Bubba McMillen

On July 11, William Taylor ‘Bubba’ McMillen, 79, of Franklin, passed away. 

Mr. McMillen was a lifelong resident of Williamson County and a graduate of Franklin High School, class of 1959.

His passions were horses, rodeo and line dancing. McMillen worked as a brick salesman with Herbert Materials, was a business owner and served two terms as an alderman for the city of Franklin.

One of McMillen’s favorite places to visit every morning was the former Half Way Market, which closed in late June. 

Half Way Market owner Kellye King remembers McMillen’s usual order very clearly: “One over easy with sausage, toast and a slice of tomato.”

“That was his staple he had everyday,” King said. “He had his own chair there, too.”

McMillen was a regular at Half Way Market for breakfast, lunch and sometimes even a sweet treat after dinner, King added. The warm welcome McMillen gave everyone is what King remembers the most. 

“Everybody loved Bubba,” King said. “Everybody that walked through that door got to know him. When he was with you, it felt like you were his best friend. We were blessed he was a part of our lives.”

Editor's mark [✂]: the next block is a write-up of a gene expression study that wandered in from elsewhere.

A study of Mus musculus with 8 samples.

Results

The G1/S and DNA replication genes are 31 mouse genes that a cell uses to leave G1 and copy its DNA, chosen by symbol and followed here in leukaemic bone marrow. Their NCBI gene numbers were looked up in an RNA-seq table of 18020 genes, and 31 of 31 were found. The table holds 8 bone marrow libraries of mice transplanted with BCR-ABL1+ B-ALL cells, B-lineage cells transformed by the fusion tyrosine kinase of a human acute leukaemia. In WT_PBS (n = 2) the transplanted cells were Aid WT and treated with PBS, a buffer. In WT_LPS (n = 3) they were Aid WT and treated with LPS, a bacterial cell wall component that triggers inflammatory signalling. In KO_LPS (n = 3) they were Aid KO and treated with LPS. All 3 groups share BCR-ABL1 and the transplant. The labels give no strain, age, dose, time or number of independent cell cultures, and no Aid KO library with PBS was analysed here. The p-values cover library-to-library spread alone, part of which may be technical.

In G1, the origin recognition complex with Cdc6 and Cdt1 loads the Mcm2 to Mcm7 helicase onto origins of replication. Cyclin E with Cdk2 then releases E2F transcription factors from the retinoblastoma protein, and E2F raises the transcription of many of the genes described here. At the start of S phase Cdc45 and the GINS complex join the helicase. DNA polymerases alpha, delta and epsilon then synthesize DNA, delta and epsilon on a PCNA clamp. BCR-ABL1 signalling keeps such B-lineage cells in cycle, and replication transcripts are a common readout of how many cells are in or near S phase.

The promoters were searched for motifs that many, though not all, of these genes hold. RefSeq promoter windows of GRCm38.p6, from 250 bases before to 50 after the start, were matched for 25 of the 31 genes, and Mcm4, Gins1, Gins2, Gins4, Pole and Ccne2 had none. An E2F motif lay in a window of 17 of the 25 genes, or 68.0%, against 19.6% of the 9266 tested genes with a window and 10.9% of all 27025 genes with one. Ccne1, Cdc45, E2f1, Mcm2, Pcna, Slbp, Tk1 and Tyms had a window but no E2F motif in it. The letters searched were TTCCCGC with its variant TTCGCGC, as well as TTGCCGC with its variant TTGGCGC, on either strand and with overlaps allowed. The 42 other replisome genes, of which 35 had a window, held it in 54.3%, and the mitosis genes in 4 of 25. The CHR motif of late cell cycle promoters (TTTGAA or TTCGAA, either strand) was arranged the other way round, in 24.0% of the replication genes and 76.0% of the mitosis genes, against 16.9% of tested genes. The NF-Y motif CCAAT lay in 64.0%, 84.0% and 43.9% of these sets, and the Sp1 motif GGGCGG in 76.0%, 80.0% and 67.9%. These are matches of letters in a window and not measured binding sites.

Jimmy Nichols, another longtime friend of McMillen’s, shared memories of their friendship that started around 1950 when they played against one another for opposing teams in basketball. 

Both friends also shared a love for rodeo events, and would head down to a ranch in west Texas to enjoy many outdoor activities. 

Later in life, both friends could be found at Half Way Market every morning, or on Sundays at Greer’s Tennessee Country Hams. 

“Bubba was a great guy and hard working,” Nichols said.

Franklin Alderman Brandy Blanton shared her fond memories of a friendship she had with McMillen that started in the late 1970s. 

“My most precious memories were over the last 10 years when I knew a visit to Half Way Market meant I would find him sitting in his corner, ready to talk politics or community news (aka gossip),” Blanton said in a social media post. 

Blanton also knew McMillen would always get her children home safely from school. 

Once McMillen retired from Herbert Materials, one of his other occupations included making sure children got to school on time and then back home safely on his bus route. 

“In the 1990s I had the privilege of knowing that my children would be delivered home safely by this man I had known as a child myself,” Blanton said. “Bubba was a true Southern gentleman who loved his family, his friends and his community.”

McMillen also had a passion for Western line dancing and two-step. He shared his knowledge with the community for 25 years as the longest-tenured instructor for Williamson County Parks and Recreation.